Background: Neratinib, an irreversible tyrosine-kinase inhibitor of HER1, HER2, and HER4, has clinical activity in patients with HER2-positive metastatic breast cancer. We aimed to investigate the efficacy and safety of 12 months of neratinib after trastuzumab-based adjuvant therapy in patients with early-stage HER2-positive breast cancer.
Methods: We did this multicentre, randomised, double-blind, placebo-controlled, phase 3 trial at 495 centres in Europe, Asia, Australia, New Zealand, and North and South America. Eligible women (aged ≥18 years, or ≥20 years in Japan) had stage 1-3 HER2-positive breast cancer and had completed neoadjuvant and adjuvant trastuzumab therapy up to 2 years before randomisation. Inclusion criteria were amended on Feb 25, 2010, to include patients with stage 2-3 HER2-positive breast cancer who had completed trastuzumab therapy up to 1 year previously. Patients were randomly assigned (1:1) to receive oral neratinib 240 mg per day or matching placebo. The randomisation sequence was generated with permuted blocks stratified by hormone receptor status (hormone receptor-positive [oestrogen or progesterone receptor-positive or both] vs hormone receptor-negative [oestrogen and progesterone receptor-negative]), nodal status (0, 1-3, or ≥4), and trastuzumab adjuvant regimen (sequentially vs concurrently with chemotherapy), then implemented centrally via an interactive voice and web-response system. Patients, investigators, and trial sponsors were masked to treatment allocation. The primary outcome was invasive disease-free survival, as defined in the original protocol, at 2 years after randomisation. Analysis was by intention to treat. This trial is registered with ClinicalTrials.gov, number NCT00878709.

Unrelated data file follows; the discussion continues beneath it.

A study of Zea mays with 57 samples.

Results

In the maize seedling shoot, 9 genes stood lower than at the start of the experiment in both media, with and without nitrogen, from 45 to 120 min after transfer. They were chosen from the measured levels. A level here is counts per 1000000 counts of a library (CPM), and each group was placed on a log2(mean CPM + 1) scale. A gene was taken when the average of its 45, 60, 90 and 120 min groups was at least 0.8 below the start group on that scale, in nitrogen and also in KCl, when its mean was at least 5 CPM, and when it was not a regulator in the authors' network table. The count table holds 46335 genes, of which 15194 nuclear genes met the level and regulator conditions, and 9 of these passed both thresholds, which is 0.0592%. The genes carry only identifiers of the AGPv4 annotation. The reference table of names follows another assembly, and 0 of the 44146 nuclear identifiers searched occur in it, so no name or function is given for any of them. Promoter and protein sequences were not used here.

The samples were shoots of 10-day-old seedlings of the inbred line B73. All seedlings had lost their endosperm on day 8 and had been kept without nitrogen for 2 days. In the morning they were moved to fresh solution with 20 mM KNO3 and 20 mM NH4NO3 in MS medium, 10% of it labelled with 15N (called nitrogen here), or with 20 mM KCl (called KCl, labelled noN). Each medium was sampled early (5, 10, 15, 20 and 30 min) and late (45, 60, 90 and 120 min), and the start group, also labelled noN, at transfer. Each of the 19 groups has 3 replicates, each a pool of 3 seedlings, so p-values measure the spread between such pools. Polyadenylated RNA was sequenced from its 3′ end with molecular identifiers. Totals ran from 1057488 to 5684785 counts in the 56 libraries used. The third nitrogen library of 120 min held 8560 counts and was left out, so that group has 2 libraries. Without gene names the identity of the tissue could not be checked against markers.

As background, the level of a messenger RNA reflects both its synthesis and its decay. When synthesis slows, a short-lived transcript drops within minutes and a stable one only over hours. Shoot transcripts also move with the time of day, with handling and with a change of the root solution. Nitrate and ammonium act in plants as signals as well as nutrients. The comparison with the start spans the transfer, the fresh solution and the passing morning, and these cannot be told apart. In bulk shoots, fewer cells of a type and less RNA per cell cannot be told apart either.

Findings: Between July 9, 2009, and Oct 24, 2011, we randomly assigned 2840 women to receive neratinib (n=1420) or placebo (n=1420). Median follow-up time was 24 months (IQR 20-25) in the neratinib group and 24 months (22-25) in the placebo group. At 2 year follow-up, 70 invasive disease-free survival events had occurred in patients in the neratinib group versus 109 events in those in the placebo group (stratified hazard ratio 0·67, 95% CI 0·50-0·91; p=0·0091). The 2-year invasive disease-free survival rate was 93·9% (95% CI 92·4-95·2) in the neratinib group and 91·6% (90·0-93·0) in the placebo group. The most common grade 3-4 adverse events in patients in the neratinib group were diarrhoea (grade 3, n=561 [40%] and grade 4, n=1 [<1%] vs grade 3, n=23 [2%] in the placebo group), vomiting (grade 3, n=47 [3%] vs n=5 [<1%]), and nausea (grade 3, n=26 [2%] vs n=2 [<1%]). QT prolongation occurred in 49 (3%) patients given neratinib and 93 (7%) patients given placebo, and decreases in left ventricular ejection fraction (≥grade 2) in 19 (1%) and 15 (1%) patients, respectively. We recorded serious adverse events in 103 (7%) patients in the neratinib group and 85 (6%) patients in the placebo group. Seven (<1%) deaths (four patients in the neratinib group and three patients in the placebo group) unrelated to disease progression occurred after study drug discontinuation. The causes of death in the neratinib group were unknown (n=2), a second primary brain tumour (n=1), and acute myeloid leukaemia (n=1), and in the placebo group were a brain haemorrhage (n=1), myocardial infarction (n=1), and gastric cancer (n=1). None of the deaths were attributed to study treatment in either group.
Interpretation: Neratinib for 12 months significantly improved 2-year invasive disease-free survival when given after chemotherapy and trastuzumab-based adjuvant therapy to women with HER2-positive breast cancer. Longer follow-up is needed to ensure that the improvement in breast cancer outcome is maintained.
Funding: Wyeth, Pfizer, Puma Biotechnology.